From business services to e-commerce, Asia presents a lucrative opportunity for Australian small to medium enterprises (SMEs) seeking global expansion. But where should you start?

With Asia’s economic outlook expected to remain strong – accounting for almost two-thirds of total global growth – there’s little wonder why Australian SMEs are eager to expand into Asian markets.


However, knowing where to start is another question altogether. Small organisations often struggle to negotiate the complex regulations and legislative obstacles inherent in the Asian market – and each country presents a different set of challenges.


The good news is that many nations in the region are now making it easier for Australian businesses to expand. Here are our top five gateway destinations for expanding into Asia.


1. Singapore


The World Bank ranks Singapore as the leading destination for doing business in Asia. According to government statistics, more than half of the 37,400 international companies with headquarters in Singapore use the city as the regional base for their Asia-Pacific operations.

English is the accepted language for most business communications, and a range of pro-business government policies and incentives are aimed at encouraging foreign business to use Singapore as a regional gateway to Asia. It is home to a particularly strong banking and finance sector, and is a major trade, logistics and manufacturing hub.


2. Hong Kong


According to Austrade, Hong Kong is one of Asia’s most receptive markets for foreign companies – driven largely by the work of government agency Invest Hong Kong, which helps overseas businesses set up shop in the economic zone.

The Hong Kong Government actively encourages the growth of technology companies in the city, with various funding programs available under the Innovation and Technology Fund (ITF). This has resulted in the accumulated investment of HK$10.8 billion across 5000 research and development initiatives. It’s also a popular regional hub formedia, design and other creative industries.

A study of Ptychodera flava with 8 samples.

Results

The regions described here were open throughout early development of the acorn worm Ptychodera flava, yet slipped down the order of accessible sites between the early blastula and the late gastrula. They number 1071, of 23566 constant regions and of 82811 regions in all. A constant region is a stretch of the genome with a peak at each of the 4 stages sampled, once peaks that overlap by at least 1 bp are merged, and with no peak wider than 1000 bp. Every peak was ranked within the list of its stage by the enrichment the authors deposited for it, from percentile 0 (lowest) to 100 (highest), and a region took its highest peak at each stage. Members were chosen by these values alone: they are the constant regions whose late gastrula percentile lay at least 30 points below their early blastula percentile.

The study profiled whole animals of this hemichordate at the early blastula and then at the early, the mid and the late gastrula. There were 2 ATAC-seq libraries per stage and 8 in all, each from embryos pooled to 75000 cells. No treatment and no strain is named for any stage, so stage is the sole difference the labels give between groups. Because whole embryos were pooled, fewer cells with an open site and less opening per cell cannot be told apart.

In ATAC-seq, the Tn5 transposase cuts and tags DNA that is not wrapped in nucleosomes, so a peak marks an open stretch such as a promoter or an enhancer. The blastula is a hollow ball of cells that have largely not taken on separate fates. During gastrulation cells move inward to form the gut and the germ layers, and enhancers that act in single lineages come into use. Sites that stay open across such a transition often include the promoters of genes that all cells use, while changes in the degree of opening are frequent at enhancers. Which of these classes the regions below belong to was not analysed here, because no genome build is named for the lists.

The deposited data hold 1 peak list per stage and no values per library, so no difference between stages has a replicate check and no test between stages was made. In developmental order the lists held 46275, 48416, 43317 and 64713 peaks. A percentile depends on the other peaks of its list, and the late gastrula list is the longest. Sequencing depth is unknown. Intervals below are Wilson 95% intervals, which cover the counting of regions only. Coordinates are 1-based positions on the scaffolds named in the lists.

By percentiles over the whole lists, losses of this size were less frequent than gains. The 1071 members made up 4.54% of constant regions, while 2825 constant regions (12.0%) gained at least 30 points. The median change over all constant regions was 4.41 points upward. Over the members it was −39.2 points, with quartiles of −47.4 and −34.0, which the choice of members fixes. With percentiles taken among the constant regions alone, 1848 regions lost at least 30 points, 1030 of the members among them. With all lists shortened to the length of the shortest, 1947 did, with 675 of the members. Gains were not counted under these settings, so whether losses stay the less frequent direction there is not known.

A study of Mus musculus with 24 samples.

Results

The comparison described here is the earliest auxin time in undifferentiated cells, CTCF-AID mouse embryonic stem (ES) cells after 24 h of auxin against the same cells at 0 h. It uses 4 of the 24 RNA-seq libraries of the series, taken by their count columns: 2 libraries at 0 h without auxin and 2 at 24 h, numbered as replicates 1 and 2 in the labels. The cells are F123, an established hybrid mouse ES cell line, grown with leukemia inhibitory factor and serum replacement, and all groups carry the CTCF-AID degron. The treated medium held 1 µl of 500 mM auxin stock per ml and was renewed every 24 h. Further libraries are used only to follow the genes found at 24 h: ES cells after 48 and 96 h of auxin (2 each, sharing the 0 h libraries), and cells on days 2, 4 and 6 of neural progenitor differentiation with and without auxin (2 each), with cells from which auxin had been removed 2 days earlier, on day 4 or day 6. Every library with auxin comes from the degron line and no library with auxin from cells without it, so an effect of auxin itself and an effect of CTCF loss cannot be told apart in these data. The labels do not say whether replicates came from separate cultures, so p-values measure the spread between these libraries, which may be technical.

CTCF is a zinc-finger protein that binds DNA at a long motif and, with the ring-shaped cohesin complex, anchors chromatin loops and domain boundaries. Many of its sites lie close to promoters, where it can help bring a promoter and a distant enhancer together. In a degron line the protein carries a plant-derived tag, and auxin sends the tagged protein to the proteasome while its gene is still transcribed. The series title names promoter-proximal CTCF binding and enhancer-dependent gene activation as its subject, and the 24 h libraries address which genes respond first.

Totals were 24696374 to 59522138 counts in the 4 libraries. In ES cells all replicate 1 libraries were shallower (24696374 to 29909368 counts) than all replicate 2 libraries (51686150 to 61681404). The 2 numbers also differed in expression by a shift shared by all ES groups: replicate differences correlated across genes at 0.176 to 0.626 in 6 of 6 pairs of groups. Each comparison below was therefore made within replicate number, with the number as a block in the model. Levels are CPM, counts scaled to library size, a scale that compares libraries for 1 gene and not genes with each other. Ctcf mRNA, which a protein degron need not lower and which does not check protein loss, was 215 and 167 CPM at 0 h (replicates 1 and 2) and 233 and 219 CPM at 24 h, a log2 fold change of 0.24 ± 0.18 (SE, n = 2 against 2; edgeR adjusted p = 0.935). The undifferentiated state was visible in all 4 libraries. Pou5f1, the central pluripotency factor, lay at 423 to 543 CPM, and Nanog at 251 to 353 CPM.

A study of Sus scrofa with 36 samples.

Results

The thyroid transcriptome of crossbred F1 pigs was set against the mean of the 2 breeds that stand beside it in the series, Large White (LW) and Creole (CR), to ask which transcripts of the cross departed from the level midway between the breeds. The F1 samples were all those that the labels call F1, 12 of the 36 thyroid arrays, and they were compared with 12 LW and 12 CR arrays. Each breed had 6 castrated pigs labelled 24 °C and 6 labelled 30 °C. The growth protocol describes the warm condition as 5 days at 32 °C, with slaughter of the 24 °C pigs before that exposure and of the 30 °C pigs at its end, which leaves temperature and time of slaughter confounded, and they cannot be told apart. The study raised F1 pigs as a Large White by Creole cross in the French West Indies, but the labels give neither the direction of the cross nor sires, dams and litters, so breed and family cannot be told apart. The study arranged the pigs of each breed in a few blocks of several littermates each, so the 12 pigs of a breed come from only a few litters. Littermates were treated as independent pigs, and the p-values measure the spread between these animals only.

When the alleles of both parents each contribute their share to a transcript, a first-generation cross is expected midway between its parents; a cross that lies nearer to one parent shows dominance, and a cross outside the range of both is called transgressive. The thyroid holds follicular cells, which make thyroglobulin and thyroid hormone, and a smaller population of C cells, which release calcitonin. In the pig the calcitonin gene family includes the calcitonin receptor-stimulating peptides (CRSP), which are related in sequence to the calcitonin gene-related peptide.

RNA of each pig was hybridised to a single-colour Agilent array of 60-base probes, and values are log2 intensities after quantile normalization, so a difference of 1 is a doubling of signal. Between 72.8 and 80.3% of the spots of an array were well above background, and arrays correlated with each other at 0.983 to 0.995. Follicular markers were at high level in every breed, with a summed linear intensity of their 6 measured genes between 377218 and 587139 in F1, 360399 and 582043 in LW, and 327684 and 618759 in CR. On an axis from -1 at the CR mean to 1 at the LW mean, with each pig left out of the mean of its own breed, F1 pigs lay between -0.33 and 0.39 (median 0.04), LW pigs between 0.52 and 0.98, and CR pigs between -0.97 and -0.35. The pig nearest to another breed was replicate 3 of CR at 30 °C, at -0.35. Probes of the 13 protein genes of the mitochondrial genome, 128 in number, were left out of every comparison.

3. South Korea


According to Austrade, the Republic of Korea is both Australia’s third largest export market and the fourth largest economy in Asia. Reportedly, it also boasts one of the highest growth rates of all advanced global economies.

Austrade says that the Korea-Australia Free Trade Agreement (KAFTA) improves market access for Australian companies, "creating new service opportunities, enhancing protection for investors in Korea and safeguarding competitiveness in this large market.” It is home to a particularly strong biotechnology industry, offers Australian firms opportunities in the aged care sector and has a voracious appetite for imported Australian wine.


4. Taiwan


The prevalence of familiar American-style business makes Taiwan a particularly attractive gateway destination for Australian businesses looking to expand their operations into China.

Clean energy supply is in hot demand in Taiwan as the government races to achieve its 15 per cent renewable energy target by 2025. This represents several opportunities for Australian wind and solar developers, as well as marine engineering companies involved in the construction and maintenance of on- and off-shore solar and wind farms. With an advanced internet network, Taiwan is also an Asian hotspot for international e-commerce businesses and IT companies.


5. Malaysia


Approximately 300 Australian companies have a physical presence in Malaysia, and a rapidly expanding middle class – more than 60 per cent of the population will fall into the middle or upper-middle income class by 2020. This offers lucrative opportunities for a range of Australian service- and product-based businesses.

Encouraging business services is seen as key to the Malaysian Government’s plan to transition the country into a knowledge-based economy by 2020. The Ministry of International Trade and Industry actively assists foreign companies to set up services across a range of sectors, including telecommunications, private schools and universities, and legal, architectural and engineering services.

The Asian market offers a wealth of opportunity to Australian SMEs, with several destinations actively encouraging and supporting foreign companies wanting to set up operations in the region.

Financial services companies would do well to look to Singapore as a regional gateway. Hong Kong is particularly friendly for creative industries; South Korea is home to a thriving biotechnology sector; Taiwan is a rich territory for Australian clean energy companies and e-commerce businesses; and Malaysia is welcoming of Australian legal, architectural and engineering companies.